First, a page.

Some Americans have had trouble paying their mortgages amid financial hardship due to COVID19. That’s why the federal government passed the CARES Act to offer relief for homeowners in the form of mortgage forbearance. One side effect of allowing borrowers to defer mortgage payments, however, is the broader impact on the mortgage market.

Loan servicers and providers still have a responsibility to pay their investors, even when mortgage payments stop coming. Whether this creates a more significant problem for the mortgage industry in the long-term remains to be seen. In the meantime, you should understand what options you have for managing your home loan during the pandemic.

Mortgage relief options for those impacted by coronavirus pandemic

There are a number of ways you can seek relief for mortgage loans during the coronavirus outbreak, including:

Federal mortgage forbearance. The federal CARES Act allows you to defer payments on federally-backed mortgages for up to 180 days, with the option to request a 180-day extension. Federally-backed loans include those owned by Fannie Mae and Freddie Mac, as well as FHA loans.

Mortgage refinancing. Refinancing loans may allow you to get a new loan at a lower interest rate and potentially reduce your monthly payments. This may also be a good option if you’d like to go from an adjustable-rate to a fixed-rate loan. If you’re interested in going the refinancing route, use Credible’s free tool to compare rates from a variety of lenders to see what will save you the most money.

Lender-specific forbearance. If you don’t have an eligible mortgage for federal forbearance under the CARES Act, you may be able to get mortgage relief from your lender.

A number of mortgage lenders have introduced mortgage relief programs to help struggling borrowers affected by the coronavirus. Get your mortgage questions answered and see what lenders have to offer right now via Credible.

Reverse mortgage relief. If you have a home equity conversion mortgage, also known as a reverse mortgage, the FHA allows you to put payments on pause for 180 days, with a possible 180-day extension.

The CARES Act also includes a special provision protecting you if you’re in foreclosure or are facing a foreclosure proceeding. Under the Act, mortgage lenders and loan servicers are blocked from initiating a foreclosure sale for at least a 60-day period that began on March 18, 2020.

How coronavirus has impacted mortgage rates

Mortgage rates began declining in early March as the Federal Reserve announced that it would cut the federal funds rate to near zero. Though mortgage rates don’t follow the federal funds rate as a benchmark (instead, they’re based on the 10-year Treasury yield), the Fed’s decision has had something of a trickle-down effect.

Currently, mortgage rates for a 30-year fixed-rate loan are hovering at 30-year lows. If you’re in the market to buy a home or refinance an existing mortgage, that’s good news, assuming you’re able to qualify for a home loan.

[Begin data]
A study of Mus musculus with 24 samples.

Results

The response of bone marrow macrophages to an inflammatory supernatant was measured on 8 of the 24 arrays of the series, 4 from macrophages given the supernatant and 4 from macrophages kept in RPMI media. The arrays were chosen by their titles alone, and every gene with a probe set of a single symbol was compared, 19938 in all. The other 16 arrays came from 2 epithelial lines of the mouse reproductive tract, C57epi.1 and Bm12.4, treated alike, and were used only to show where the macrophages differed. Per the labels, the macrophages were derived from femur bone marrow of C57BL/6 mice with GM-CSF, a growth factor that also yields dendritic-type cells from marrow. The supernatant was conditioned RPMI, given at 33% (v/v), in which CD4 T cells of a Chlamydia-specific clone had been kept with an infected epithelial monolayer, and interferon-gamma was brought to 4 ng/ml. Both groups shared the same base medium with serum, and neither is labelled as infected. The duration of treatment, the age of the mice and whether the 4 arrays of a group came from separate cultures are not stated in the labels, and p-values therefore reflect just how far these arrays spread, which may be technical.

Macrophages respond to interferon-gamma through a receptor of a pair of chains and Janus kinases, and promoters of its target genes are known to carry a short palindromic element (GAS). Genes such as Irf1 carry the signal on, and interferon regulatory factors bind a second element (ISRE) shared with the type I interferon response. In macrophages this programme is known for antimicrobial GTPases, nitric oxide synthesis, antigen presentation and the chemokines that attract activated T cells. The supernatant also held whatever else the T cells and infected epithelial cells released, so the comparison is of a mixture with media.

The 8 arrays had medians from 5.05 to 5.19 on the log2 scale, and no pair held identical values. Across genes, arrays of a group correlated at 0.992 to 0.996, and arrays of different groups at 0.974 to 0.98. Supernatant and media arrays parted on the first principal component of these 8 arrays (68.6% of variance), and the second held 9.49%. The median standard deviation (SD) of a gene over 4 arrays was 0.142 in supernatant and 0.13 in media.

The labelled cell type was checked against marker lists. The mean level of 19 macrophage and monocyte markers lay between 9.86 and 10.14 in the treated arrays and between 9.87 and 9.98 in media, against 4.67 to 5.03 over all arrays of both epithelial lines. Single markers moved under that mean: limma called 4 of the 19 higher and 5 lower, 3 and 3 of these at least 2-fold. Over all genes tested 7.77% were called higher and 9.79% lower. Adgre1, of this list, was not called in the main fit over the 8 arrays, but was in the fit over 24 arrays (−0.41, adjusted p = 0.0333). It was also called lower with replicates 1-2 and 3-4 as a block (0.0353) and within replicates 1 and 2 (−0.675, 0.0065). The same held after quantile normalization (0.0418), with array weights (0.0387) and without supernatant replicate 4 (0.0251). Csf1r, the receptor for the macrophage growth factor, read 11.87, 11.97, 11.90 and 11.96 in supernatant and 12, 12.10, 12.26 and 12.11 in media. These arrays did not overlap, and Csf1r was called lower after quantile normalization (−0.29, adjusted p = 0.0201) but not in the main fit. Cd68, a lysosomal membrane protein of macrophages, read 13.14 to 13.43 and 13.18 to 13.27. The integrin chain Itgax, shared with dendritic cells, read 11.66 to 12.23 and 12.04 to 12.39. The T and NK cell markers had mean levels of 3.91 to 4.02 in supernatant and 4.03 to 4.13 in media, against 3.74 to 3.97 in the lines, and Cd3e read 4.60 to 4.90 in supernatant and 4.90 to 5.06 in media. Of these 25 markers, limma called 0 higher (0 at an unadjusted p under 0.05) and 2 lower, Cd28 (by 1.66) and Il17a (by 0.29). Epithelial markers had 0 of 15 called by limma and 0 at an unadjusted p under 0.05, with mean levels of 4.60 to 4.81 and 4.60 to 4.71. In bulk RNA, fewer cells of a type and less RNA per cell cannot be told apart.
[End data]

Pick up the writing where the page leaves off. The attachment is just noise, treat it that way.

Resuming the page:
The rate cuts, along with other quantitative easing measures taken by the Fed, could also give lenders and loan services a boost by encouraging liquidity in the mortgage market.

What to do if you need help with mortgage payments

If you’re struggling with financial hardship related to the coronavirus, it’s important to be proactive about managing mortgage payments. Here’s a simple checklist to follow for what to do next.

Contact your loan servicer. Your lender can tell you whether your loan is eligible for mortgage forbearance and if not, what other mortgage relief options they might offer.

Check interest rates. Refinancing could make your mortgage more affordable but it pays to run the numbers first. Doing the math using a refinance calculator could help you gauge how much money you may be able to save by lowering your mortgage rate.

Talk to a financial or housing counselor. After contacting your lender and confirming you don’t qualify for mortgage relief, consider talking to a financial or housing counselor to explore other possibilities. For example, you might be able to get a loan modification to restructure your loan terms so your payments don’t lead to more financial hardship.

Get non-mortgage debt under control. If you have other debts, such as student loans or credit cards, look at ways you can reduce those payments as well so you can prioritize paying the mortgage. A credit card balance transfer, for example, could give you time to pay off credit card balances at a low-interest rate. You may also be able to put student loans in a temporary deferment or forbearance period and pause those payments.

You should also consider what you may need to do in a worst-case scenario. For example, that might mean selling the home, taking out a personal loan, agreeing to a short sale, or requesting a deed in lieu of foreclosure. Those solutions aren’t ideal but they can help you get out of a mortgage when you have trouble paying.